It’s just getting bluer. Greener, too, as in money falling from the sky with the new Big Ten television contract with FOX currently being negotiated that could be worth more than $1 billion a year for the league beginning in 2024.
That was the major reason USC and UCLA announced two weeks ago that they were bolting to the Big Ten for the 2024 season. And those fluid TV contract negotiations should now be oozing past $1 billion with those two schools jumping in from the nation’s No. 2 media market. Add Notre Dame possibly, Oregon, Washington, Stanford and California in the coming weeks or months, and the Big Ten will be the Big 21.
It could all happen by Labor Day of 2023, if not sooner.
The Southeastern Conference’s TV contract is not fluid. It is done, and it is not nearly as fruitful as what the Big Ten has cooking. The SEC finalized a $300 million deal per year with ESPN and ABC in 2020 that begins in 2024 and runs for 10 years. So, it needs to enhance that deal and start working toward 2034. Look for the SEC to add Clemson, Florida State, Miami and North Carolina in the coming weeks for the 2024 or ’25 season to go with the Oklahoma and Texas additions announced a year ago.
“We’ll be talking about the current state of affairs in college sports,” SEC commissioner Greg Sankey told OutKick.com on May 28 just before the SEC Spring Meetings in Destin, Florida. “How we lead, how we continue to lead.”
Actually, the SEC is not leading realignment. It is following the Big Ten, and specifically, Notre Dame into this American, capitalistic world of manifest destiny.
Everything hinges on what Notre Dame football decides to do first – stay an independent or join the Big Ten, the SEC or the Atlantic Coast Conference. Other Notre Dame sports are already in the ACC, and the football program competed in the ACC out of necessity during the COVID season in 2020. But the ACC would be a step down for Notre Dame. It just doesn’t print money the way the Big Ten and the SEC do.
Joining the SEC would be a bold move for Notre Dame, and it would drastically improve its football talent as the Irish could recruit to the SEC.
Look for Notre Dame to join the Big Ten for the money and the location as it is already in Big Ten country in South Bend, Indiana, and already regularly plays many Big Ten and Pac-12 teams soon to be in the Big Ten. Those games will be getting significantly more valuable.
If Notre Dame stays as an independent, watch the Big Ten go for Clemson if it isn’t already.
And do not be surprised if the SEC adds Duke as a partner member with North Carolina.
Could you imagine Kentucky, Duke and North Carolina as SEC basketball teams? It would be like the NCAA Tournament on a weekly basis.
Give me conference realignment discussion and stories over Name, Image & Likeness deals and the latest NCAA Transfer Portals every day, please. NIL prostitution and the Quitter Portal – if not changed drastically soon – will ruin or damage college football much more than any conference realignment issue. We’ve had conference realignment a few times since the mid-1990s, and the college football world only got better and richer.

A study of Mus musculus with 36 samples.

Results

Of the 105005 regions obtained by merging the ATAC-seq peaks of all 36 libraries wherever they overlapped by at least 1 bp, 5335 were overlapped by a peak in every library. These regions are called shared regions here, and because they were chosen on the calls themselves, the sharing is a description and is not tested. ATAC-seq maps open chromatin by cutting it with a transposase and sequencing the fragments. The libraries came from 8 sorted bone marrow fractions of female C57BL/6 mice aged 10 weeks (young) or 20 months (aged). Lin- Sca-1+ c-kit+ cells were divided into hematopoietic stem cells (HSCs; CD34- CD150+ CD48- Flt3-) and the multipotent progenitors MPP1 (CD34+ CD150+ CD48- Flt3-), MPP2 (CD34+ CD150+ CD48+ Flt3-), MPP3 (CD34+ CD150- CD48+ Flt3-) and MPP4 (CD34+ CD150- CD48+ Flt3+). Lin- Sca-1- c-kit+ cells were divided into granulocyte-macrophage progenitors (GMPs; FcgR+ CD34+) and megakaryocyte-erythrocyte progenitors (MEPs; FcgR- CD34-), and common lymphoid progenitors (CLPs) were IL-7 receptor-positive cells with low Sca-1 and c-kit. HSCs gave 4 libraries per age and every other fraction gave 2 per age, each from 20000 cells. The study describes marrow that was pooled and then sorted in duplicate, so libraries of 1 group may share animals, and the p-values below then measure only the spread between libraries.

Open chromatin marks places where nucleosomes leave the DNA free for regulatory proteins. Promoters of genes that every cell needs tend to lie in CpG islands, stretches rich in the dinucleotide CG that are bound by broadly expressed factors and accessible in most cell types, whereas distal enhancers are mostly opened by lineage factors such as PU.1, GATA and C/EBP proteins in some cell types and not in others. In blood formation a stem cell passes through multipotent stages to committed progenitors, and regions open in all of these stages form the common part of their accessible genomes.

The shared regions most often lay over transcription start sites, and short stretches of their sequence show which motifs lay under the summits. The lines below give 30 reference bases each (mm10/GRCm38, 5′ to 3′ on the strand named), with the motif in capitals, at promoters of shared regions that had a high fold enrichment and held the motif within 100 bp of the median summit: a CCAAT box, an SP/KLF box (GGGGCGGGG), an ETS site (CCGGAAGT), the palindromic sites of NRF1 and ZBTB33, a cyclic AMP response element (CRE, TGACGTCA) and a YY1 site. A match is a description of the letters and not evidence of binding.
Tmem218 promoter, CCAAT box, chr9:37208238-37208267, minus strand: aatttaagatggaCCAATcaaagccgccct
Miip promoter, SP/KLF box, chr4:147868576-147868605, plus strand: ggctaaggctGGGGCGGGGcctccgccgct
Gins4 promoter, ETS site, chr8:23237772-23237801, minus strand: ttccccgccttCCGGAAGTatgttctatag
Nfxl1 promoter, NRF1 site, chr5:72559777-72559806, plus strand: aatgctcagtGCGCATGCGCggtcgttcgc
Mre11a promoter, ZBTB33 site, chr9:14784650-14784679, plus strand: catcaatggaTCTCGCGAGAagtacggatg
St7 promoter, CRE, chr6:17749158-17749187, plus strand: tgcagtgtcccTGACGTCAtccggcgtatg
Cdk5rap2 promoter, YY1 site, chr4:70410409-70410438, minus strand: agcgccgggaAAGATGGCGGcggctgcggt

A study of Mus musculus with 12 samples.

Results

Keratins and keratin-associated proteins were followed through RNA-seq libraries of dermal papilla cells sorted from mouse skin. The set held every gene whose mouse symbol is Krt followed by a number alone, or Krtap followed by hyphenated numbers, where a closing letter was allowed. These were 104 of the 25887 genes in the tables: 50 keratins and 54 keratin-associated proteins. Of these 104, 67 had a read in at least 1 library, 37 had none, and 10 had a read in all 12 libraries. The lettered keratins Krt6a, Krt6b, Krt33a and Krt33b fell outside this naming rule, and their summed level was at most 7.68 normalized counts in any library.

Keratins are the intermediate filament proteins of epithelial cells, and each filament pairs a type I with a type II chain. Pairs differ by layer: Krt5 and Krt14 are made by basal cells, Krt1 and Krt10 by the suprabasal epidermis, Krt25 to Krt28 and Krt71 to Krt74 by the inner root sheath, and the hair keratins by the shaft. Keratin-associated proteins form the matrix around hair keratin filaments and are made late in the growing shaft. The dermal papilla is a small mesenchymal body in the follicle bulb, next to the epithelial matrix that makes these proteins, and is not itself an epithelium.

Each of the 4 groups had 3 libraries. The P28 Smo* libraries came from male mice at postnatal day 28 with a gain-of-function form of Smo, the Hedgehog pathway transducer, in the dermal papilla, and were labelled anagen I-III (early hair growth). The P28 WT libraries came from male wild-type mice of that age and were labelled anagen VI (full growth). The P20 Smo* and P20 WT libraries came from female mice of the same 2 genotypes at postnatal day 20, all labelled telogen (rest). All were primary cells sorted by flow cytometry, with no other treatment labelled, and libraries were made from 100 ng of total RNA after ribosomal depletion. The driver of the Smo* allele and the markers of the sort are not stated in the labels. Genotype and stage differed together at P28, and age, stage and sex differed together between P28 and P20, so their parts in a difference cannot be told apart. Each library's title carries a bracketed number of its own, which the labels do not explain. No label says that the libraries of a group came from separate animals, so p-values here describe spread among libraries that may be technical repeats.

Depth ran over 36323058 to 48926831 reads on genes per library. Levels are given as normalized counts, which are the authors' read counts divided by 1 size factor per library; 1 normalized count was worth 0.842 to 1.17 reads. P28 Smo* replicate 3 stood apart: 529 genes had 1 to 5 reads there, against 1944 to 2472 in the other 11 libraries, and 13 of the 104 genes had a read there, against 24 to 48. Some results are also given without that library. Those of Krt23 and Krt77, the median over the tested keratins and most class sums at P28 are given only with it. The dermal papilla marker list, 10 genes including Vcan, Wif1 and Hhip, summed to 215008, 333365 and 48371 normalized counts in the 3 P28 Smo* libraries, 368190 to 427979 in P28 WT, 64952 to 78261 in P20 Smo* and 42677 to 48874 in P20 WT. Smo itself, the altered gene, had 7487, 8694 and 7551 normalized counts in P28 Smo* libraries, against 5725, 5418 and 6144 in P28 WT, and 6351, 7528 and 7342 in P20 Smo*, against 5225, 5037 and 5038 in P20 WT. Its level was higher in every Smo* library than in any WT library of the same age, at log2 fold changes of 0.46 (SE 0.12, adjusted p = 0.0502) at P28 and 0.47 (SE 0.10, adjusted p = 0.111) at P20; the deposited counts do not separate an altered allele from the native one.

The latest round of conference realignment coming will do that again and make things more interesting.
Yes, there will be victims. Perhaps the Pac-12 will fold as the probation-plagued, TV-weak Southwest Conference died in 1996 as Texas, Texas Tech, TCU and Baylor previously announced departures to the Big Eight, which became the Big 12. But the schools that were in the old SWC are still playing football. Most are still making big money. They’re just in other conferences.
And the Big 12 has been a great conference – much better than the last several years of the SWC and more fun than the old Big Eight.
Yes, some rivalries died. Oklahoma-Nebraska was one of the greatest rivalries and its annual meetings ended in the Big 12, then Nebraska left for the Big Ten for the 2011 season. The Big Ten and the SEC will be smarter regarding Michigan vs. Ohio State and Alabama vs. Auburn and Georgia-Auburn, for example. Many other so-called SEC rivalries, though, need a refresh, and what is coming will help that immensely.
Some of the remaining Pac-12 teams will be left in the dust yes, but Oregon State, Arizona State, Arizona and the like were not competing for national championships anyway. They’ll survive in a lesser Pac-12 or in other leagues.
The power teams are the power teams regardless of what league they may be in. And the weaker teams are the weaker teams regardless of how strong a conference they used to be in.
And look at the games on the horizon. The Big Ten could be a Rose Bowl every week with USC, Stanford and Washington routinely playing Ohio State, Michigan and Michigan State, respectively.
Meanwhile, maybe Alabama will stop playing Tennessee annually and start playing Oklahoma and/or Texas frequently. The SEC badly needs some new road trips. How about LSU at Miami, Auburn at Florida State and South Carolina at North Carolina?
Conference expansion could also mean fewer ridiculous non-conference games such as Alabama and New Mexico State last season or Georgia and Charleston Southern.
And don’t forget basketball. How about Duke at Arkansas on a Tuesday, and Kentucky at North Carolina on a Saturday?
Wow, that was fun. Almost a whole column with no mention of NIL or the portal.